In 1984 the photographer Tom Cahill smashed a plate-glass door in a fit of fury at the San Francisco Chronicle. He had just unsuccessfully attempted to get the paper’s reporters to write about rape in America’s jails and prisons. Cahill was a desperate man at the time, tormented by flashbacks and nightmares, his personal and professional life in ruins.
Cahill’s story began in 1968, when he was arrested in Texas during a peaceful antiwar protest. An Air Force vet who opposed the Vietnam War, he did not prove popular among jail staff in the heavily military town of San Antonio. Before placing him in an overcrowded communal cell, he says, the guards spread word that he was a child molester. Cahill remembers with a shudder how one of the staff members shouted “fresh meat” before leaving. After 24 hours of beatings and gang rape, his life was shattered.
More than four decades later, sexual violence behind bars is still widespread in the United States. But thanks to Cahill and other courageous survivors, the ongoing crisis is no longer shrouded in silence.
The U.S. Department of Justice recently released its first-ever estimate of the number of inmates who are sexually abused in America each year. According to the department’s data, which are based on nationwide surveys of prison and jail inmates as well as young people in juvenile detention centers, at least 216,600 inmates were victimized in 2008 alone. Contrary to popular belief, most of the perpetrators were not other prisoners but staff members—corrections officials whose job it is to keep inmates safe. On average, each victim was abused between three and five times over the course of the year. The vast majority were too fearful of reprisals to seek help or file a formal complaint.
Sexual violence is not an inevitable part of prison life. On the contrary, it is highly preventable. Corrections officials who are committed to running safe facilities train their staff thoroughly. They make sure that inmates who are especially vulnerable to abuse—such as small, mentally ill, and gay or transgender detainees—are not housed with likely perpetrators. And they hold those who commit sexual assaults accountable, even if they are colleagues.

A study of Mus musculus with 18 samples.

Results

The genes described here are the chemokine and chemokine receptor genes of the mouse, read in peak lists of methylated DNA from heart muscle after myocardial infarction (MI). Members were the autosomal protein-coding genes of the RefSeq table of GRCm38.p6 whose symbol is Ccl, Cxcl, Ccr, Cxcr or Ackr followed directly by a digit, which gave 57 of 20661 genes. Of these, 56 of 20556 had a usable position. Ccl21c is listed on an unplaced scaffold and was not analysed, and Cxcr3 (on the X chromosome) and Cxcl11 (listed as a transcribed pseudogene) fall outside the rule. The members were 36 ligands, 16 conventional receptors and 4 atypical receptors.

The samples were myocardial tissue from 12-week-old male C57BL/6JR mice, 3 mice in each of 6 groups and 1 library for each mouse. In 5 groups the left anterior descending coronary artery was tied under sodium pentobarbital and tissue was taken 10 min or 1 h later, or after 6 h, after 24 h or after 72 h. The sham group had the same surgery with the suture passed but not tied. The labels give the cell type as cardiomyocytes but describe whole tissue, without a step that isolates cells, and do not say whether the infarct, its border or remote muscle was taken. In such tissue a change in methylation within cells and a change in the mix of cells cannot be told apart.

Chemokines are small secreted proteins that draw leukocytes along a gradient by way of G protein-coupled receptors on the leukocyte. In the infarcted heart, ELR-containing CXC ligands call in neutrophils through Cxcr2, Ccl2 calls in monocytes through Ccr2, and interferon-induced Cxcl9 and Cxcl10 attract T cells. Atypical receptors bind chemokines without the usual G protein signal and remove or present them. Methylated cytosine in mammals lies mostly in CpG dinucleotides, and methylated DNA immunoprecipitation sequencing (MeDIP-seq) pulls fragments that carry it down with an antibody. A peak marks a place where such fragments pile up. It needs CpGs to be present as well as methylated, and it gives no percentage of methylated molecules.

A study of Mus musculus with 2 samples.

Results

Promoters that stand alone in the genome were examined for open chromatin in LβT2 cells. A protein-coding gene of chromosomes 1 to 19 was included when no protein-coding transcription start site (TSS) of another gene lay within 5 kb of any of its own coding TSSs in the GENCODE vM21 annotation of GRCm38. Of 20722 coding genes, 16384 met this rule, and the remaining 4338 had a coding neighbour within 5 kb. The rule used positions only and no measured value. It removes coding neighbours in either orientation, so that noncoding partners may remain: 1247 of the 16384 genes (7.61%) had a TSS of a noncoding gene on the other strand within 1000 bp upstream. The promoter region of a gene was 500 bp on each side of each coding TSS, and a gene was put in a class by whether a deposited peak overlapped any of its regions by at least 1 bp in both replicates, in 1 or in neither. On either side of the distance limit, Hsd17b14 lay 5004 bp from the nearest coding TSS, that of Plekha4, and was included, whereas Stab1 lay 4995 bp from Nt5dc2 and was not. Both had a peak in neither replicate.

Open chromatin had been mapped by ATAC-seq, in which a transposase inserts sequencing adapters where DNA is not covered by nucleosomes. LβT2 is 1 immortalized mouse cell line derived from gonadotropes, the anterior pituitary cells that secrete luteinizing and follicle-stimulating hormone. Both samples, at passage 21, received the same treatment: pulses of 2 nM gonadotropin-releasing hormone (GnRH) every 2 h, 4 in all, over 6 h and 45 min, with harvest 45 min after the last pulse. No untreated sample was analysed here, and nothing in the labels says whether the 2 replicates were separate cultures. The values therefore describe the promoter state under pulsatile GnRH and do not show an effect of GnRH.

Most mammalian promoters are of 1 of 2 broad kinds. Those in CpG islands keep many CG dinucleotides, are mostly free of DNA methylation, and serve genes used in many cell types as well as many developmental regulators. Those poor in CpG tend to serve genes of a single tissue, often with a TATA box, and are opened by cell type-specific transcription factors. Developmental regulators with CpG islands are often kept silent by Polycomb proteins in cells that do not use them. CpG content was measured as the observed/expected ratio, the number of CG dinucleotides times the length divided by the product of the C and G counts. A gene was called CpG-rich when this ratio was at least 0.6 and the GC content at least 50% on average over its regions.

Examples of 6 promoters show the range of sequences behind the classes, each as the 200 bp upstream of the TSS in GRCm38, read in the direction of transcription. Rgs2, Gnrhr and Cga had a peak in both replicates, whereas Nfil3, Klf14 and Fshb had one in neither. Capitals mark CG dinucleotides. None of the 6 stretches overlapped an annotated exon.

But many corrections administrators are reluctant to make sexual abuse prevention a top priority, preferring to maintain the status quo rather than acknowledge the role their own employees play. Others are actually fighting reform efforts, claiming, in spite of the evidence, that sexual violence is rare.
This resistance is reflected in the slow implementation of the Prison Rape Elimination Act, which Congress unanimously passed in 2003. The law mandated binding national standards to help end sexual abuse in detention. But almost eight years later, the Justice Department has yet to promulgate final standards.
Attorney General Eric Holder has not shown leadership on this issue. In 2009 Holder essentially rejected standards recommended by a bipartisan commission that spent years studying the problem of prisoner rape, claiming that the recommendations—which included limits on cross-gender supervision and the loosening of deadlines for survivors to file formal grievances—would have been too expensive.
It’s easy to feel numbed by the Justice Department’s estimate that almost 600 prisoners are sexually victimized each day. But behind that number are real people like Jan Lastocy. While serving time for attempted embezzlement in a Michigan prison in 1998, Lastocy was raped. Not once, not twice, but several times a week for seven months. The rapist was an officer who supervised her at a prison warehouse. Lastocy was so afraid of him that she did not even dare to tell her husband of 30 years, John, what was going on. Later John said, “Jan did a stupid thing, and she went to prison for it. But no one should have to pay the price that she did.”
Jan and John Lastocy’s lives were devastated by prisoner rape. Holder should listen to and learn from them rather than bowing to corrections officials trying to maintain the status quo.